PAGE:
I sit across from a remarkable woman who is not from Generation X – She’s a baby boomer.  I am however from Generation X – in fact I was born towards the middle of the generation’s year span (1961-1981).

My coworker will often ask “what is” or “where is ___?”. To which she runs for the map or dictionary and I’ll say “let’s google it” – and out of my laptop pops the answer. My methods of getting the answers is not second nature to her. And my internet/reactionary method it is now a running joke – “she’s GenX”.

It is truly interesting to see the day to differences between her generation and mine. Observing and studying the generational differences has become an important aspect in today’s work environment. There is much to learn from eachother.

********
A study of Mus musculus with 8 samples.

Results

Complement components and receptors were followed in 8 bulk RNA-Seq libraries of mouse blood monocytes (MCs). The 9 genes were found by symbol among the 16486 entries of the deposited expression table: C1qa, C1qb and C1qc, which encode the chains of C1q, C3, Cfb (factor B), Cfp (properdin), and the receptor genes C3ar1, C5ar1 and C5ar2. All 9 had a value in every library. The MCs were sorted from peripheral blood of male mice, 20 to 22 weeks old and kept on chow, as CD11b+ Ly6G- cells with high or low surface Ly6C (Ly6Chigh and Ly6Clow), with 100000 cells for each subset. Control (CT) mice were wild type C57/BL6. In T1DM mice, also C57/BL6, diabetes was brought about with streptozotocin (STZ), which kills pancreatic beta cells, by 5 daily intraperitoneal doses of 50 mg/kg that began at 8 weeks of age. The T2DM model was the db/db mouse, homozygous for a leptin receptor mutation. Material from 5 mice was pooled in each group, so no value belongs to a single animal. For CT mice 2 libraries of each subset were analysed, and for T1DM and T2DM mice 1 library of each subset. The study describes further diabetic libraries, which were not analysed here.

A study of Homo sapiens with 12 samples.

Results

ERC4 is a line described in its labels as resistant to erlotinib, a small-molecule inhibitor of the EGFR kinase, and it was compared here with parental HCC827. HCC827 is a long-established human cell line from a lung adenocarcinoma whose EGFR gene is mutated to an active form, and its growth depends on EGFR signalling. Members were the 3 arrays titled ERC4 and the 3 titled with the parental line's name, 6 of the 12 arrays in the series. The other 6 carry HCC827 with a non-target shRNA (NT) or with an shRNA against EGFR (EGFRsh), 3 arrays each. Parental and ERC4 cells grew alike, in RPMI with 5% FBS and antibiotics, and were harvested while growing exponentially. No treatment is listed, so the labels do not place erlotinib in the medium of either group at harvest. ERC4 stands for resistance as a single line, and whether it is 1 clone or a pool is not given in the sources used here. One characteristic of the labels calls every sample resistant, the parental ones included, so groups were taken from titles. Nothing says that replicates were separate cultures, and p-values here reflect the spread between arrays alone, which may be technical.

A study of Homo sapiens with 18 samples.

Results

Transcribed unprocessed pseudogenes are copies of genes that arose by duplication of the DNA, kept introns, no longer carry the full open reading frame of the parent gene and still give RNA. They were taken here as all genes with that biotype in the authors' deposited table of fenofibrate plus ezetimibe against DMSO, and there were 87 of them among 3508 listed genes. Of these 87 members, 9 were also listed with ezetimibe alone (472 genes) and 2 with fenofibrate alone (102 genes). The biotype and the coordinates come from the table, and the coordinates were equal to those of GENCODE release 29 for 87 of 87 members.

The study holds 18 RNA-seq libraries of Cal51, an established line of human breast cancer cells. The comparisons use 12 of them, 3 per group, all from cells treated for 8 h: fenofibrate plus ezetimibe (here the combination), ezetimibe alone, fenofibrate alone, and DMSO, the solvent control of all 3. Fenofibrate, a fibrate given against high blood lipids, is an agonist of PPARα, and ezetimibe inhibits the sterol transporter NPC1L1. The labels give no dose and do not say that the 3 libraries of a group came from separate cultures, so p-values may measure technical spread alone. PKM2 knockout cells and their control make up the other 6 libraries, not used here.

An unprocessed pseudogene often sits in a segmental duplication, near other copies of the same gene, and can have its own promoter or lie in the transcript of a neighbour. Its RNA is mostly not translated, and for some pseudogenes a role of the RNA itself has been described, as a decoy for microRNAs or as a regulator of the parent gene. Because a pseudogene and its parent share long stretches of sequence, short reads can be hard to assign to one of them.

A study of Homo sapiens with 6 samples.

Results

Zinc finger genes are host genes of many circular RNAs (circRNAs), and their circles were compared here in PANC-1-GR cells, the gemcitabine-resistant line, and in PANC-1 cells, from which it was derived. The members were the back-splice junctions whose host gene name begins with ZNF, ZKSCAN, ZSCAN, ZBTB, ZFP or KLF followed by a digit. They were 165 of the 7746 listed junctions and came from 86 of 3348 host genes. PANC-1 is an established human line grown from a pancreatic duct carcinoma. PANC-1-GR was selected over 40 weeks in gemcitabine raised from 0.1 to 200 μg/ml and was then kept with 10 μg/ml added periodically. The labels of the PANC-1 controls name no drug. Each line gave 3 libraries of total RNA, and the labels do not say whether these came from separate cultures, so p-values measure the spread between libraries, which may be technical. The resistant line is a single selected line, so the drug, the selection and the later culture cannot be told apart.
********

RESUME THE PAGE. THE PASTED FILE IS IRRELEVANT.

1. hetyd4580 says:

    Interesting blog, Metier. But only very few actual generation experts start GenX in 1961; the vast majority start it in the mid-1960s. It’s also important to distinguish between the post-WWII demographic boom in births vs. the cultural generations born during that era. Generations are a function of the common formative experiences of its members, not the fertility rates of its parents. And most analysts now see generations as getting shorter (usually 10-15 years now), partly because of the acceleration of culture. Many experts now believe it breaks down more or less this way:

    DEMOGRAPHIC boom in babies: 1946-1964
    Baby Boom GENERATION: 1942-1953
    Generation Jones: 1954-1965
    Generation X: 1966-1978

  2. About Métier says:

    Thanks for your comment. Generation Jones seems to be a much ignored segment.